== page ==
The father had no problem getting Lindros to shake his son out of his funk. At the time, Peter Luukko was president of the Spectrum. Now, he is president and chief operating officer of Comcast-Spectacor, the parent company of the Flyers.
"My dad taught me how to skate at the Spectrum," Nick said. "The Spectrum, and then the [Wells Fargo] Center were my second homes."
Nick, 19, is among 41 prospects huffing and puffing through drills and workouts at a training camp that ends Monday. He is more familiar with the surroundings than the other 40 because he has spent most of his life rubbing elbows with Flyers players, front-office workers, and the clubhouse attendants.
But he's not here because his father handed him the keys to the place. He's here because the Flyers own his rights - they picked the 6-foot-2, 180-pound defenseman in the sixth round (No. 179 overall) in the 2010 amateur draft. This is his second prospects camp.
"I'm learning how to play like a pro and how to work out like a pro," he said. "They're trying to help us get to the next level."
Luukko's first season playing at the junior level couldn't have gone much better. He helped the Dubuque Fighting Saints win the Clark Cup, symbol of supremacy in the United States Hockey League, the top junior league in the nation. He had five points, including three power-play assists, and was plus-5 in 11 playoff games. The team is coached by former Flyer Jim Montgomery.
Watching his son celebrate around the Clark Cup gave Peter Luukko some relief from the disappointment of the Flyers' second-round elimination by Boston in the Stanley Cup playoffs.
"It gave him someone to root for after the Flyers lost," Nick said.
Even though much of Peter Luukko's time is consumed by his chores with Comcast-Spectacor, he and Nick have developed a strong bond through hockey, spending countless hours together on trips to tournaments throughout the United States and Canada as well as Russia and Germany.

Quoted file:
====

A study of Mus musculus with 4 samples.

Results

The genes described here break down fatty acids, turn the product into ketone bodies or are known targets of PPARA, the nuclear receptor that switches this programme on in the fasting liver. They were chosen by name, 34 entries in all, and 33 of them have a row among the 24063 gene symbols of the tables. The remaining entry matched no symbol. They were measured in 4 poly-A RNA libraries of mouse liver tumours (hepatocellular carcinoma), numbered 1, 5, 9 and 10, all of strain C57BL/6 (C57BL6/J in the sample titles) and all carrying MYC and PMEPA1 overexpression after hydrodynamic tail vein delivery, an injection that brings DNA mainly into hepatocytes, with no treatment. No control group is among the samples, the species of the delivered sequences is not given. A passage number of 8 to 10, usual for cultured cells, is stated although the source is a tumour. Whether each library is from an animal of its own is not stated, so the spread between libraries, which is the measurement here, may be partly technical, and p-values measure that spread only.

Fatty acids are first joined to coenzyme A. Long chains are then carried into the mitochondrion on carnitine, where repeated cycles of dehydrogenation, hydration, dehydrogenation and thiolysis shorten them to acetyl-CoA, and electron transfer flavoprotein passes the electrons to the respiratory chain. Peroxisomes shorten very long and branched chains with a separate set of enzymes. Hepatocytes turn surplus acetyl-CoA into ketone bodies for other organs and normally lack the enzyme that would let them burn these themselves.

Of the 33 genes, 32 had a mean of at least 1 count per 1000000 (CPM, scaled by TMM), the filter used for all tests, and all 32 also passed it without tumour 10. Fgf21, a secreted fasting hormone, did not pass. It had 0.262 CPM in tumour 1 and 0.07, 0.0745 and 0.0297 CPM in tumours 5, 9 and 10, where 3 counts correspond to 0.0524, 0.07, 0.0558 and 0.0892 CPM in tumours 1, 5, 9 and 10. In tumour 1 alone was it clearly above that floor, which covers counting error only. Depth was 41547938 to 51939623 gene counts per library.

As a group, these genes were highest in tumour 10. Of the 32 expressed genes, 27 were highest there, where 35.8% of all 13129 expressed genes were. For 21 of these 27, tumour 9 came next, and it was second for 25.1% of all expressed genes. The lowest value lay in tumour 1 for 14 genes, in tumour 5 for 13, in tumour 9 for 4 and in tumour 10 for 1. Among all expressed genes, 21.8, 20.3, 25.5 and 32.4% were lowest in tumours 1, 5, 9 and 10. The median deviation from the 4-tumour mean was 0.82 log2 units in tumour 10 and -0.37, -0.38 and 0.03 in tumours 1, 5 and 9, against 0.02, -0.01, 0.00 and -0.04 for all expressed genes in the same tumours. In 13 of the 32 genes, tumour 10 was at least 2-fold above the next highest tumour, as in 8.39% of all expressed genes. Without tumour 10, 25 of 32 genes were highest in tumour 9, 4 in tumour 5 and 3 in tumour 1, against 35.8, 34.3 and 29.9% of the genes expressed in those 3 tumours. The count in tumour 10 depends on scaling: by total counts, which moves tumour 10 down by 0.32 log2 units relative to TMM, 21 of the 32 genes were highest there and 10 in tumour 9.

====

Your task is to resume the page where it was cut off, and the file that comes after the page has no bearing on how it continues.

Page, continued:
Nick, who grew up in West Chester, spent his junior and senior years of high school at The Gunnery, a boarding school in Washington, Conn., with a strong hockey program. He previously played at Malvern Prep.
He said he was on the beach in Avalon the day the Flyers drafted him.
"I was just hanging out, and I checked the computer just to see what was going on and saw I got drafted. I was a little shocked. I didn't expect it," Luukko said. "Obviously, it was an honor, something you can never forget and something you can take with you the rest of your life."
He admitted there have been times when he's felt "a little awkward" around other players who know his father is such an important figure in the Flyers organization.
"But most guys understand," he said. "As you go to the next level, it's just a business. You see it around the league all the time. You have the Sutters in Calgary. It's not that big of a deal, and, to be honest with you, there's no other team I'd rather play for, growing up a Flyers fan."
As for his chances of someday pulling on the only hockey jersey he's ever wanted to wear - a Flyers jersey - Luukko said all he can do is work hard and continue to improve to realize his dream. In the fall, he'll attend the University of Vermont.
"If for some reason they wanted to sign me, I could leave school," he said. "But I can go for all four years and sign after that, so there's no rush for me. I'm just going to keep working at it, and hopefully I'll get an opportunity. If I continue to develop and play well, maybe it'll happen."
Contact staff writer Ray Parrillo at 215-854-2743 or firstname.lastname@example.org.